We have been trying to keep up with all the changes taking place outside. Here are some examples…
A nice patch of leatherleaf in an open bog along Hwy 529. There is a lot of it on that Highway, in the open, and under mixtures of Tamaracks and Spruce. It is often in association there with Labrador Tea and Bog Rosemary.
Up close …
Several solitary native bees ..
Pair of Green Sweat Bees… Agapostemon probably.
Unidentified fly. (I think).
Solitary Bee …
Bee fly coming in to visit a solitary bee…
Oops, another solitary bee …
One of the solitary bees takes off.
Pretty wildflowers ….
Castor canadensis checking out the photographer in the pond near Big Lake…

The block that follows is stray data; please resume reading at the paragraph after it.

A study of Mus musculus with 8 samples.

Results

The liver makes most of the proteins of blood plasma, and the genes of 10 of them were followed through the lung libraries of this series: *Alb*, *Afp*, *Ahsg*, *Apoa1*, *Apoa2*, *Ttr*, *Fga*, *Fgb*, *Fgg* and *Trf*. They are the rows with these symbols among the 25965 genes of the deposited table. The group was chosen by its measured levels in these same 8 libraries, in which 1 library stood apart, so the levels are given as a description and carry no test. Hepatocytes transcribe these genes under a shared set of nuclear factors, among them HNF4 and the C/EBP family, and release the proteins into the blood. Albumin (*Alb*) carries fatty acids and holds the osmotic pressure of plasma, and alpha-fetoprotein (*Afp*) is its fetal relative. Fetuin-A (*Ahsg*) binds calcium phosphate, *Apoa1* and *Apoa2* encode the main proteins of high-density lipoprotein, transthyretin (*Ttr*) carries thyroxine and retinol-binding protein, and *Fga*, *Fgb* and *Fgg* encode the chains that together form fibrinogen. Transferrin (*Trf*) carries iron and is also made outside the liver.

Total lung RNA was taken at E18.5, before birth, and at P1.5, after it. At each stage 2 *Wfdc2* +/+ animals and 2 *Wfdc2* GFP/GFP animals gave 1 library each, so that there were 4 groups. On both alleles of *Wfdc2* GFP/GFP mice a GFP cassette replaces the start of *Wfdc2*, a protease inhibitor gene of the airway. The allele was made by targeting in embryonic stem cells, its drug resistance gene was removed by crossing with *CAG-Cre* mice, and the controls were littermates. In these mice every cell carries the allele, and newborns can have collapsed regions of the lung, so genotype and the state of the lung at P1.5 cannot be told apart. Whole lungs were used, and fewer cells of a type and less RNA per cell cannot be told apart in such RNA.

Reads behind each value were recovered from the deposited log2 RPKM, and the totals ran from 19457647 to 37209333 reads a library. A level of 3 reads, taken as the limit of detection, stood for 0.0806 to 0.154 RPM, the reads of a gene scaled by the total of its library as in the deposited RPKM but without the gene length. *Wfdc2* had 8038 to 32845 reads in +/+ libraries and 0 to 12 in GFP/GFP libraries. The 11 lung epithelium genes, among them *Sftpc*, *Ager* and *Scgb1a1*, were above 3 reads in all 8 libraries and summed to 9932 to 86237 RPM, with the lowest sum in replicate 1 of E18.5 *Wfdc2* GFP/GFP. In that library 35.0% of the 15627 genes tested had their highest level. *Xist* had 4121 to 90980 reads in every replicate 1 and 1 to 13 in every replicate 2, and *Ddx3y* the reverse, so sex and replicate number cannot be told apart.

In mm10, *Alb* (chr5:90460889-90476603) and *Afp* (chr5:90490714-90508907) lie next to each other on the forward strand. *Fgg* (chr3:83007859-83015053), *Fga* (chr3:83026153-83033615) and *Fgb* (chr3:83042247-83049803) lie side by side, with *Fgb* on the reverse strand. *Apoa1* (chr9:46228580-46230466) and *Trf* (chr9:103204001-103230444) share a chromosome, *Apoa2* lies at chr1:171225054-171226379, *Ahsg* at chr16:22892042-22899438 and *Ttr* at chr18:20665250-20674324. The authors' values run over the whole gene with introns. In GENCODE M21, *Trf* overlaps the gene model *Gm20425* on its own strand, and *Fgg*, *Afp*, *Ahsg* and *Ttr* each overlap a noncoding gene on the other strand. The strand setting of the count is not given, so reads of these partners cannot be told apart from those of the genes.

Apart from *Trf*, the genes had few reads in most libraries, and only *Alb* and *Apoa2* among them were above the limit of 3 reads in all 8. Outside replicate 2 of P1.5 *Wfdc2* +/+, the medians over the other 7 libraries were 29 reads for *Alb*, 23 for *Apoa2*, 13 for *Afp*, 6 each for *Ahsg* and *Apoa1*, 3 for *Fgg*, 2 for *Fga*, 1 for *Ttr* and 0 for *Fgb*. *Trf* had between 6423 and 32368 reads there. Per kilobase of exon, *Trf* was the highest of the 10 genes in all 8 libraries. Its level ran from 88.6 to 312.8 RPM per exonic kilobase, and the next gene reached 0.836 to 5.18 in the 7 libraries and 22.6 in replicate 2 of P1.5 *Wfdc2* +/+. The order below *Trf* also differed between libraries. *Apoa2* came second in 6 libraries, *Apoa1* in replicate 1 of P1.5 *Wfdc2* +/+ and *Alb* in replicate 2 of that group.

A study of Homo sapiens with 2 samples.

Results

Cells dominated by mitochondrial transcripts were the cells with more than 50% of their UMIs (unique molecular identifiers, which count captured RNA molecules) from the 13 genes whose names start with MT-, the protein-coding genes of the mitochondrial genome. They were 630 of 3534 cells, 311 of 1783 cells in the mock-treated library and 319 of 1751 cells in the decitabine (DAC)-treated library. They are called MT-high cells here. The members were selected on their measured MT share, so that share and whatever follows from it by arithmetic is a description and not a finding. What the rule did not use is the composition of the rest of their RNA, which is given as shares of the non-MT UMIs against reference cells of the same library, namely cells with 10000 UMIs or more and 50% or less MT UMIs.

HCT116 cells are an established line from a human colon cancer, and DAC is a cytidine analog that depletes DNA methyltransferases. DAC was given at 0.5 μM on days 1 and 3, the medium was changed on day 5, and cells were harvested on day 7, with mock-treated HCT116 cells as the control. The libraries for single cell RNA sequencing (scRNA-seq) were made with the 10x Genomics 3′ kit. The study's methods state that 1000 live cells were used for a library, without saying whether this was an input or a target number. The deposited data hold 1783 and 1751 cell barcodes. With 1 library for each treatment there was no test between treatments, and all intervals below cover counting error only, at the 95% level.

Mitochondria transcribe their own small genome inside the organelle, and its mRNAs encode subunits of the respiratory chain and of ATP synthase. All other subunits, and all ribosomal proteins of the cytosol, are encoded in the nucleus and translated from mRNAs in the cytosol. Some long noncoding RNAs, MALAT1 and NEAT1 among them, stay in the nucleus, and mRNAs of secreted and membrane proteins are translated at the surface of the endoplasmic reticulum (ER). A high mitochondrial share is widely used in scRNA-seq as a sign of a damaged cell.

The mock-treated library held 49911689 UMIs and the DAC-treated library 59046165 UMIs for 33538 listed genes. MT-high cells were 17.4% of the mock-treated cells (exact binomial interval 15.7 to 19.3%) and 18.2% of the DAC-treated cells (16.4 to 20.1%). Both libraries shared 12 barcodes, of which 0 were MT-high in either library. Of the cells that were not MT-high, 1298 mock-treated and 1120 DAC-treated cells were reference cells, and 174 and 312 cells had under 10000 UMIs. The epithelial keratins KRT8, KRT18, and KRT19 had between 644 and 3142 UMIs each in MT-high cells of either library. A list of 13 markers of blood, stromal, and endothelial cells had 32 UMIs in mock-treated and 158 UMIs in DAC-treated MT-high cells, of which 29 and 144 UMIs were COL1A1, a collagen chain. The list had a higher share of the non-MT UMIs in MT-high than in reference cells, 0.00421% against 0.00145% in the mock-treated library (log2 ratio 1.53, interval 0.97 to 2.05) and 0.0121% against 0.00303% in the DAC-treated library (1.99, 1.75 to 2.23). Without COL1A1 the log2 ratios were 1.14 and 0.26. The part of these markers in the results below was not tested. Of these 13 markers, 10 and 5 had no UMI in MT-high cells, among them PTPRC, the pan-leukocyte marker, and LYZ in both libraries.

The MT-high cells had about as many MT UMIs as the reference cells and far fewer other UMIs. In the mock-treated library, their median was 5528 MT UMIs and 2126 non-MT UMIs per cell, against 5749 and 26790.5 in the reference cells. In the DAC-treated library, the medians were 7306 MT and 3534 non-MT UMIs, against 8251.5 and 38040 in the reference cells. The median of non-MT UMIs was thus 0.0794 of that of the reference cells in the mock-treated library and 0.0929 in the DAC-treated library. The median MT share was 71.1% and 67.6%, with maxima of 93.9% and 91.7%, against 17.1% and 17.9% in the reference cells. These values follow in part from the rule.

This Blue Jay is hoping that its Namesakes will soon make their way out of the AL East Cellar.
That sure looks like a Chipping Sparrow. Photo made on May 11. eBird sightings indicate that they arrived during the first week of May.
Equisetum, a living fossil…
Mary Holland gives a good illustrated article showing the difference between squirrel corn and dutchman’s breeches:
Mary Ann Borge discusses the amazing Plantain-leaved Pussytoes here:
Our local Field Pussytoes ( Antennaria neglecta) apparently have the same methods of reproduction and similar relationships with pollinators, including the caterpillar of the beautiful American Painted Lady, which we’ll see in another month or so. I will pay a lot more attention to the flowers (which are budding now) in a week or two.
The above two timely blogs are very helpful in give us Northerners a “heads-up” a week or so in advance of events as the spring/summer develops.